How to Identify and Treat a Blue Nevus

How to Identify and Treat a Blue Nevus

What is a blue nevus?

Moles, also called nevi, can appear on your skin in a variety of shapes, sizes, and colors. One type of mole is the blue nevus. This mole gets its name from its blue color.

Although these moles may seem unusual, they’re generally benign and not a cause for concern. But like any mole, you’ll want to keep an eye on it for changes over time. Keep reading to learn more.

What does a blue nevus look like?

Tips for identification

Moles can actually appear in all sorts of shades, not just the typical brown- or tan-colored variety you might expect.

These moles appear blue because the patch of pigmented skin creating them is set lower in the skin than brown-colored moles and freckles. The shade of a blue nevus can range from light to dark blue.

Other common characteristics are:

  • small size
  • round shape
  • raised or flat surface
  • smooth surface
  • size between 1 and 5 millimeters

It’s possible to have another type of blue nevus beyond the common variety. One of these is the cellular blue nevus.

This type:

  • sticks out more from the skin, like a nodule
  • is firmer
  • is larger in size
  • may grow with time

In extremely rare cases, your blue nevus may be malignant. Cancerous nevi may appear as a common or cellular blue nevus but develop at a later age and may start to look like ulcers. They may also have a more nodular or plaque-like form.

Blue nevi can appear in many places on the body and are generally isolated. This means you likely won’t see more than one nevus in a given area.


  • scalp
  • neck
  • bottom of the back or buttocks
  • hands
  • feet

What causes this and who’s at risk?

It isn’t clear what causes blue nevi. They often appear in children and young adults and more frequently in women. Malignant blue nevi are rare. Men in their 40s may have a higher risk for this type.

Blue nevi can appear at any age. You may have one at birth or it could develop later in your life.

It isn’t unusual to have other types of moles in addition to a blue nevus. Most people have between 10 and 40 moles, and those with fair skin may have more moles than others. You may even notice that moles change in color, tone, or size as you grow from childhood.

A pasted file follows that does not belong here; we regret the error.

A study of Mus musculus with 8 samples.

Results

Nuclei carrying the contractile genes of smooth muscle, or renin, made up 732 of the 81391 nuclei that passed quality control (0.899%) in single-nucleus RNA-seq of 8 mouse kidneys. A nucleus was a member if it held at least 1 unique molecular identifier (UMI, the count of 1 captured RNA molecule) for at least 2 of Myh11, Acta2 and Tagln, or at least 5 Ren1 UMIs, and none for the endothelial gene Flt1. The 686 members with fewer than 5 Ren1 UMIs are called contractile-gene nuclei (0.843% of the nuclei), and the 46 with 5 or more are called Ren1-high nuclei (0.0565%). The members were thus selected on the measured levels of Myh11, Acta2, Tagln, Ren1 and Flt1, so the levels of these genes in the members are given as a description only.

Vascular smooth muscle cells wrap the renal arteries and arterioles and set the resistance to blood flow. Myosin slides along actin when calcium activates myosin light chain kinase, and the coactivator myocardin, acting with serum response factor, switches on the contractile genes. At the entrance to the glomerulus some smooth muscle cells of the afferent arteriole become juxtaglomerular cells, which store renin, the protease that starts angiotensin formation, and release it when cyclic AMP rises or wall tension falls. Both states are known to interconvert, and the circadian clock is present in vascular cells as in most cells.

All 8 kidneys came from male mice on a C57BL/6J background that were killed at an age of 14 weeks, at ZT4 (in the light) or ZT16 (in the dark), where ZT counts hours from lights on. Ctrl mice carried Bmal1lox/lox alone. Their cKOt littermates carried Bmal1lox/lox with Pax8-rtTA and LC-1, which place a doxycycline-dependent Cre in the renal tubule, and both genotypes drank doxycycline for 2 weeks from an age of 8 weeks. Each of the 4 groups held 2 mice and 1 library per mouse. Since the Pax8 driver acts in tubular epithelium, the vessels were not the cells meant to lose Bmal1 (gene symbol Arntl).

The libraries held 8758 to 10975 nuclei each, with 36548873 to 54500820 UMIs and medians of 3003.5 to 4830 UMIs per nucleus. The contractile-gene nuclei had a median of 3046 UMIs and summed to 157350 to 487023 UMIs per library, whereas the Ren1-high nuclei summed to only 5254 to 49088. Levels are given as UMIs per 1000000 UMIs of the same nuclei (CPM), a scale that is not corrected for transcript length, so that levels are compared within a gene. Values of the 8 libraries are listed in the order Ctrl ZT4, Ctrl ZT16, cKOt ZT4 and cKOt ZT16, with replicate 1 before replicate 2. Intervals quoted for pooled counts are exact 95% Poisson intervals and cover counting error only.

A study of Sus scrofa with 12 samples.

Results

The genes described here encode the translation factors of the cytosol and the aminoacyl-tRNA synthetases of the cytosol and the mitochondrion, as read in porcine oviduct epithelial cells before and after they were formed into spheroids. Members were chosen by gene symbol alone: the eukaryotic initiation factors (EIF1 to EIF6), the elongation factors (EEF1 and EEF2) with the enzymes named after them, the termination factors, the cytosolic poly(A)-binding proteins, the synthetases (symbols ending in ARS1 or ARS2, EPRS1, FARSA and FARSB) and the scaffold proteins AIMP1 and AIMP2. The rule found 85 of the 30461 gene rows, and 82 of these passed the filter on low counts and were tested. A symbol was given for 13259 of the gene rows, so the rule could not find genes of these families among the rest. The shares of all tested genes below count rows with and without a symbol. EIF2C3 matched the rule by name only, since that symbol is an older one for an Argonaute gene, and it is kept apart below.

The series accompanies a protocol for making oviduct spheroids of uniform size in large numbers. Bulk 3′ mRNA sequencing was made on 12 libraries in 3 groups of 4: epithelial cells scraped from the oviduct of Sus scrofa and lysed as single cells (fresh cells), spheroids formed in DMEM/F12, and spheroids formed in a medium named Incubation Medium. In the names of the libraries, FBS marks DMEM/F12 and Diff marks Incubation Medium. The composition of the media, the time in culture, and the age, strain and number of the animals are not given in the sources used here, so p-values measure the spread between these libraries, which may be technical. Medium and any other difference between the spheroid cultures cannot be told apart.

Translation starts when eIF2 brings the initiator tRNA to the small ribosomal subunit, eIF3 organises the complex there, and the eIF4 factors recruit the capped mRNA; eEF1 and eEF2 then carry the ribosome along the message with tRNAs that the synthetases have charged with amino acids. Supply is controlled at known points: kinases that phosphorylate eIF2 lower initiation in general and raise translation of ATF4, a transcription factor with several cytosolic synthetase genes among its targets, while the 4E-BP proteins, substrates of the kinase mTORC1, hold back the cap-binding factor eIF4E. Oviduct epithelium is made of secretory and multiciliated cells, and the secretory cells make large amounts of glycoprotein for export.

When to see your doctor

Moles that develop in adulthood may be a cause for concern. If you have a blue nevus or other mole appear after age 30, see your doctor. It may be a sign of skin cancer like melanoma.

Changes to blue nevi or other moles may also be cause for concern. Keeping an eye on any abrupt or subtle shifts on your skin and moles will ensure that you catch early signs of skin cancer.

You should flag blue nevi, along with other moles, when they:

  • look asymmetrical in shape
  • have an edge that isn’t smooth
  • change in color
  • grow in size or are larger than 6 millimeters
  • stick out on top of the skin
  • are bothersome, painful, itchy, oozing, or bleeding

If you notice any of these changes, see your doctor for an evaluation.


Is removal necessary?

A blue nevus typically isn’t problematic. You can have a benign blue nevus on your skin for your entire lifetime. The only time your doctor will recommend removal is if the mole is malignant.

You can also talk to your doctor about removal if the mole is causing you discomfort. For example, if it’s rubbing against your skin or causing other irritation.

Your doctor can remove the mole by cutting it out completely or shaving it off with a surgical knife. You will likely receive a local anesthetic and may need stitches. The skin surrounding the removed mole will heal with time.

If the blue nevus reappears after removal, contact your doctor. This could be a sign of skin cancer.

Takeaway Note

Finding a blue mole on your skin usually isn’t cause for alarm. These moles are typically benign. But if the mole appears later in life, or if a previous mole is changing over time, you should see your doctor. They can check for malignancy and advise you on your next steps.